Perfection was on the line for Kentucky going into Saturday’s NCAA semifinal game. But at the end of the day, it was the Wisconsin Badgers who were perfect, ending the Wildcats bid for an unbeaten season with a 71-64 victory. They earned the right to face Duke tonight in the NCAA finals.

It’ll be the first time Wisconsin (36-3) has been in the finals since 1941, and Badgers sophomore Bronson Koenig (Ho-Chunk) will be the first Native American to play in the NCAA championship game since 1958. Koenig finished with 12 points against Kentucky.

Koenig was 3 of 4 from the free throw line in the final 12 seconds, helping the Badgers pull away. “It’s tough with everything on the line like that, but it’s about having confidence in myself to knock those free throws down,” Koenig told ICTMN. Koenig extended Wisconsin’s lead to 68-64 with a pair of free throws with 12.2 seconds remaining in a game that had 11 ties and seven lead changes. He was back at the line with 5.5 remaining and got one to go to make it 69-64.

The La Crosse, Wis. native tied the game at the intermission with a jump shot as time ran out to set the stage for a historic run to the finals for the Big Ten-champions, who have won 11 straight since losing to Maryland on Feb. 24.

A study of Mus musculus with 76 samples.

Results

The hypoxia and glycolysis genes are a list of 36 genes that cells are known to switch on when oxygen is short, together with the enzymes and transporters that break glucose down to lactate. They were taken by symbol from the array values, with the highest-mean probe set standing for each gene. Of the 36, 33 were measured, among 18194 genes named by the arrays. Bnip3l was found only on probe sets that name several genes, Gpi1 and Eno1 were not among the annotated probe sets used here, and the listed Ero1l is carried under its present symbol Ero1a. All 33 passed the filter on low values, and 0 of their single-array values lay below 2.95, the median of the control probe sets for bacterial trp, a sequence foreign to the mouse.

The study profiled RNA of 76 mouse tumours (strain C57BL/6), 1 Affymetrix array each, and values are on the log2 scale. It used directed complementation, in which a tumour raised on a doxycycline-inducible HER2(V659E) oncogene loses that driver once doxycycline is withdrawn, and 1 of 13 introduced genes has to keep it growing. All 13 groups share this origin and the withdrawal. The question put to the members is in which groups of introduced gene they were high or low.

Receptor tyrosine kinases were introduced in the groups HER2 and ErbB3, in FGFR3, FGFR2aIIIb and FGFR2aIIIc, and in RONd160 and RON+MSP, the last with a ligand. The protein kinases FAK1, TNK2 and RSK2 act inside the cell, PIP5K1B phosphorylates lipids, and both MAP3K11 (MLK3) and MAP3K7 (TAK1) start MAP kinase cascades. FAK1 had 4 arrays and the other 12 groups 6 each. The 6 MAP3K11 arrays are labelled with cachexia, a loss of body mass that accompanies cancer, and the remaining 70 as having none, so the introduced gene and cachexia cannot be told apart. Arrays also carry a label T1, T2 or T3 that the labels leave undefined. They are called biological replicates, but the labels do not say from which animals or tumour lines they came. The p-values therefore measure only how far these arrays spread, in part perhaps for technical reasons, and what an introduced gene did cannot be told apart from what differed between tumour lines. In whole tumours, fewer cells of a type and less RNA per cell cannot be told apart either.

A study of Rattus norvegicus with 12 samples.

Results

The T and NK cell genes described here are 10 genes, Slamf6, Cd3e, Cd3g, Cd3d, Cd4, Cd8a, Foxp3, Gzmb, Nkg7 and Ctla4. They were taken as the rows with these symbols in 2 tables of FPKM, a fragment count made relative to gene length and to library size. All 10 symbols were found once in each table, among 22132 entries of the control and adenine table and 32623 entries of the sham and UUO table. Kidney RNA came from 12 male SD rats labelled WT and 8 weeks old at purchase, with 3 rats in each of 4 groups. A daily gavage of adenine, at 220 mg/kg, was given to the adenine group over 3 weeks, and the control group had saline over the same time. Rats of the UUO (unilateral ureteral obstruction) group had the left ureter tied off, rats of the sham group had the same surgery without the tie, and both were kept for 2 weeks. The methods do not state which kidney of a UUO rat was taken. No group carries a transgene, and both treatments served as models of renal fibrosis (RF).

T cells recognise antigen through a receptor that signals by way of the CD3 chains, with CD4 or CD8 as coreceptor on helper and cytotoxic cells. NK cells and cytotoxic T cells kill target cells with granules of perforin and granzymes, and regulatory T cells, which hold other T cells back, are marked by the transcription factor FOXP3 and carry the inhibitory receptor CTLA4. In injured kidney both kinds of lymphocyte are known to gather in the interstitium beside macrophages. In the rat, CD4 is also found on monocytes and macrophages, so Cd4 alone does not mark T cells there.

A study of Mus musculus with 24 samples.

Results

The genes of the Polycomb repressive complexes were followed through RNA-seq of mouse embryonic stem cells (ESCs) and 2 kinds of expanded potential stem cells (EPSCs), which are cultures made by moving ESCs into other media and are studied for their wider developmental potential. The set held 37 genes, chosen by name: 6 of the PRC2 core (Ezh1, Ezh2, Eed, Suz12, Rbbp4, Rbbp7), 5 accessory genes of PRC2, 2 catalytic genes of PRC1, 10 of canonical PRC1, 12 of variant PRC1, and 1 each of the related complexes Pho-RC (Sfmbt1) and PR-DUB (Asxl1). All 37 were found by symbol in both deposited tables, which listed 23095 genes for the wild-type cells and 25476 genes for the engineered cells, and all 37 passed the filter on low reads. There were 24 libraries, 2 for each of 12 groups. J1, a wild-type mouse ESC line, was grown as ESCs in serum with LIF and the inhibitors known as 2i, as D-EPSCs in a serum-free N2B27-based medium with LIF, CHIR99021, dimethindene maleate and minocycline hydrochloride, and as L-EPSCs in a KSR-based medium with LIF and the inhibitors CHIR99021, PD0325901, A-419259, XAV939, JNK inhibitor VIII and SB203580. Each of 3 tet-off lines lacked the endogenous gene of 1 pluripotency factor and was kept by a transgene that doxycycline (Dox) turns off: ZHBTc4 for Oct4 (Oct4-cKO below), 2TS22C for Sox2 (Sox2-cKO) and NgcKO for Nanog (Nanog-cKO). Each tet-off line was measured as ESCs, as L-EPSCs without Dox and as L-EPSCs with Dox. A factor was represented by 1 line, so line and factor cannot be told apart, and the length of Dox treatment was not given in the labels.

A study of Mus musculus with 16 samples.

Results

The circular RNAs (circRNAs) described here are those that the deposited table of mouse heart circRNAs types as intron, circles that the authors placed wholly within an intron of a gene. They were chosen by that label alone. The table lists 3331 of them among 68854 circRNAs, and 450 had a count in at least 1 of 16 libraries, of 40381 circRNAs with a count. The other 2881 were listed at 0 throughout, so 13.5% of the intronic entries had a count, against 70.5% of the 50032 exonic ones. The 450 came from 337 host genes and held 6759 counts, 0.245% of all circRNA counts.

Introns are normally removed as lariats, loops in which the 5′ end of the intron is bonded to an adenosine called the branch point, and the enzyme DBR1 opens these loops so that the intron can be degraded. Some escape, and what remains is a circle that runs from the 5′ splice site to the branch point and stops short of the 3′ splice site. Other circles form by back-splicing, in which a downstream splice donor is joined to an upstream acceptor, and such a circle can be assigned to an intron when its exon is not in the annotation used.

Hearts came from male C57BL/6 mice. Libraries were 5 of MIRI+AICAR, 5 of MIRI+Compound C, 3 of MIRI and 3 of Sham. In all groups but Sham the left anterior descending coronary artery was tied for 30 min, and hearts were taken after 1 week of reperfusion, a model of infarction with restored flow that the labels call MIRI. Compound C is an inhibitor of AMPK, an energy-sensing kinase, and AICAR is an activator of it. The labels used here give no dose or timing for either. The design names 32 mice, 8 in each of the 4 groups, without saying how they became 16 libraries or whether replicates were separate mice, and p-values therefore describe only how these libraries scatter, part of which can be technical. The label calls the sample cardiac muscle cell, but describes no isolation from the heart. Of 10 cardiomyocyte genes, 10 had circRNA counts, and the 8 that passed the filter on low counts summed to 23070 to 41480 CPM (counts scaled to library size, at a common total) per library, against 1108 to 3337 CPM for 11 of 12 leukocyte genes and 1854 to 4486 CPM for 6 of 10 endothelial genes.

RELATED: 5 Things to Know: Bronson Koenig and the Wisconsin Badgers' NCAA Win Over Kentucky

The Badgers became the only team to beat Kentucky (38-1) this season despite star 7-footer Frank Kaminsky going nearly 17 minutes without scoring in the second half. Kaminsky still finished with 20 points and 11 rebounds and Wisconsin ended the game on a 15-4 run over the last 4 1/2 minutes.

Kentucky was trying to become the first undefeated NCAA basketball champion since Indiana went 32-0 in 1976.

Koenig told ICTMN earlier in the tournament his experience in his first two seasons seemed “almost surreal at times.” It just got a whole lot more surreal. His historic run from role player to role model has taken a historic leap as he is the first Native in 57 years to play for a NCAA championship.